1816: The Year Without A Summer, Part II

An unusual confluence of geological and astronomical factors precipitated the Year Without A Summer. The inciting event was the earth-shaking eruption of Mount Tambora in Indonesia from April 5-15, 1815. This explosion was immense, the largest volcanic eruption in the world since the Hatepe eruption in c.180 AD in New Zealand. People in Sumatra, 1200 miles away, heard the blast, and heavy volcanic ash falls were observed as far away as Borneo, Sulawesi, Java and Maluku islands.

The enormous amount of dust the volcano spewed into the atmosphere blocked the sun’s rays and lowered global temperature. But Tambora's eruption alone may not have caused 1816's disastrous weather. Other volcanic eruptions in the immediately preceding years (1812--La Soufrière on Saint Vincent in the Caribbean, and Awu on Sangihe Islands, Indonesia: 1813--Suwanosejima on Ryukyu Islands, Japan: 1814--Mayon in the Philippines) had set the stage by already darkening the skies and depressing temperatures around the world. In addition, all these eruptions took place during a Dalton Minimum, a period of unusually low solar activity.

Although most of the effects of The Year Without A Summer were disastrous (see my previous post), some were positive.

The large amounts of dust in the air produced spectacular sunsets worldwide, and most likely inspired J.M.W. Turner's paintings (Chichester Canal pictured).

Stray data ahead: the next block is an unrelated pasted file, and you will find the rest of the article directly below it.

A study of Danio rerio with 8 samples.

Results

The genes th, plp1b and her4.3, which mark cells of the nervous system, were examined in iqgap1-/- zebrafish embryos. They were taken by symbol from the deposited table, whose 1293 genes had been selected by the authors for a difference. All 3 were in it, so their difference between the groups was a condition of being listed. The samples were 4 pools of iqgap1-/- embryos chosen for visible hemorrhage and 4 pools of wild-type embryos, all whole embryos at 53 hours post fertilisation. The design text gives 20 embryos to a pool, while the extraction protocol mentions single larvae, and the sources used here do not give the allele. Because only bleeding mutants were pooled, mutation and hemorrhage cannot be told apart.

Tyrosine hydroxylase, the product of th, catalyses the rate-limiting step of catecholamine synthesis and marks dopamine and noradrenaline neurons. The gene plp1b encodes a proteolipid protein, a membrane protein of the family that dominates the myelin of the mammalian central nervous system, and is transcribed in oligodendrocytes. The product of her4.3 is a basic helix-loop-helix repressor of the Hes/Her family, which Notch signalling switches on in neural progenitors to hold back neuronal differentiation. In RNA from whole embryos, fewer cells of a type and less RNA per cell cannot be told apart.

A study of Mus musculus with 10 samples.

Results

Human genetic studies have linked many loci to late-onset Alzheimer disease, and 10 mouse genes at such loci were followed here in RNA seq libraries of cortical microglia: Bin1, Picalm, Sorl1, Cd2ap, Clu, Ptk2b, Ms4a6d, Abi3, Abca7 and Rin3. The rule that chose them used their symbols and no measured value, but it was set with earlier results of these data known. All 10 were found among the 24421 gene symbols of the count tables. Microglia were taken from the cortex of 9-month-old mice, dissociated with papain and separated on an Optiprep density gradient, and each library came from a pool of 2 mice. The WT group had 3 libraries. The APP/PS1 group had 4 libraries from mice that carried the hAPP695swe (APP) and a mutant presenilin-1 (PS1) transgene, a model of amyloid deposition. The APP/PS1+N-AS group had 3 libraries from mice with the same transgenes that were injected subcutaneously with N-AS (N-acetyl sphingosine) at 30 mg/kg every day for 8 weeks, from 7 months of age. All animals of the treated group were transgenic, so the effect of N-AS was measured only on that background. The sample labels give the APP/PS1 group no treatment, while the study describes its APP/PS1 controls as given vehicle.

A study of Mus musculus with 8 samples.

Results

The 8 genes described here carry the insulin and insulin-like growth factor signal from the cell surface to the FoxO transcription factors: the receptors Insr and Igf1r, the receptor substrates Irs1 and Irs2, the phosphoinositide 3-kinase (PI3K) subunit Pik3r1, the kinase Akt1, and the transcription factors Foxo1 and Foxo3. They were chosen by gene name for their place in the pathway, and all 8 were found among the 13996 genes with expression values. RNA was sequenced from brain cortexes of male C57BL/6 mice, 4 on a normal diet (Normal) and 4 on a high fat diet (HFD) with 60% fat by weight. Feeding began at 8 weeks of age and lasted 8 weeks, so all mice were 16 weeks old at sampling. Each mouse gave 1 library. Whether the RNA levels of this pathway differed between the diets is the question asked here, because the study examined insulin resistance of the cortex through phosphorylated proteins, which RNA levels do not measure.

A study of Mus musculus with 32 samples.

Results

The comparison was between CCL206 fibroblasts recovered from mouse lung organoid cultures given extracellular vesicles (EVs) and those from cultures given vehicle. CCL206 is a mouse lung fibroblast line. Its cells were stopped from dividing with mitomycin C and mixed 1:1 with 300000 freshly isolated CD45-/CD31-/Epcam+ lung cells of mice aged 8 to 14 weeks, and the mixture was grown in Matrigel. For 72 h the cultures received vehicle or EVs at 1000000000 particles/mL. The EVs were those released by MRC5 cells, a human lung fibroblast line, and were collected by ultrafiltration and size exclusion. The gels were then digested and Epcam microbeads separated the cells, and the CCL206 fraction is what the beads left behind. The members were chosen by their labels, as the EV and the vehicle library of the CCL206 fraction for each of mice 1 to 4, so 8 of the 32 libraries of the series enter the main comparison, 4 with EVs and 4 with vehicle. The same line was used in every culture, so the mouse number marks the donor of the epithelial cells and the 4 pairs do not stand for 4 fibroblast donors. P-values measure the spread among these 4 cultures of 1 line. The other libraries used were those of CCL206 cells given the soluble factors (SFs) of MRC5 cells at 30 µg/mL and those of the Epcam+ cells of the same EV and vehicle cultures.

The weather also inspired Lord Byron’s 1816 poem, Darkness:

The bright sun was extinguish'd, and the stars Did wander darkling in the eternal space, Rayless and pathless, and the icy earth Swung blind and blackening in the moonless air

In Switzerland, the atrocious weather forced Mary Shelley and John William Polidori, on holiday with their friends, to stay indoors. Mary Shelley used the time to write Frankenstein, or The Modern Prometheus, and John William Polidori penned The Vampyre, two novels which influence us to this day.

And Pumpkinnapper, my Regency Halloween comedy, is set in the English countryside in the autumn of 1816.

Thank you all,


Eleanor Sullo said...

Fascinating stuff, Linda. Funny, even as an English Lit major I had never heard about the volcanoes, and especially not about these eruptions affecting such as Lord Byron, Mary Shelley, and others.So our times are nto unique. These "hidden" stories in history make wonderful background for great books. I'd love to read yours.
My best.

catslady said...

Really interesting. This may be the beginning of another catastrophic time for eruptions and disasters. It so, I hope at least we get some more good books out of it lol.

Heather Snow said...

So interesting, and a great reminder that things go in cycles. I'm going back to check out your other post...

Linda Banche said...

Thanks, Ellie. I had never known the weather was responsible for Frankenstein and vampires. The weather is also a major factor in PUMPKINNAPPER.

Catslady and Heather, history does repeat itself. All those volcanoes have their own schedule, and maybe they're all coming due now. Thanks for coming over.

Mary Ricksen said...

Not a pleasant time to be around huh?
I heard about the great sunsets, sure influenced people in their art or writing.
Hi Linda!

Linda Banche said...

Hi Mary, yes, definitely not a pleasant time. Winters are cold enough now, without having them last all year. Thanks for coming over.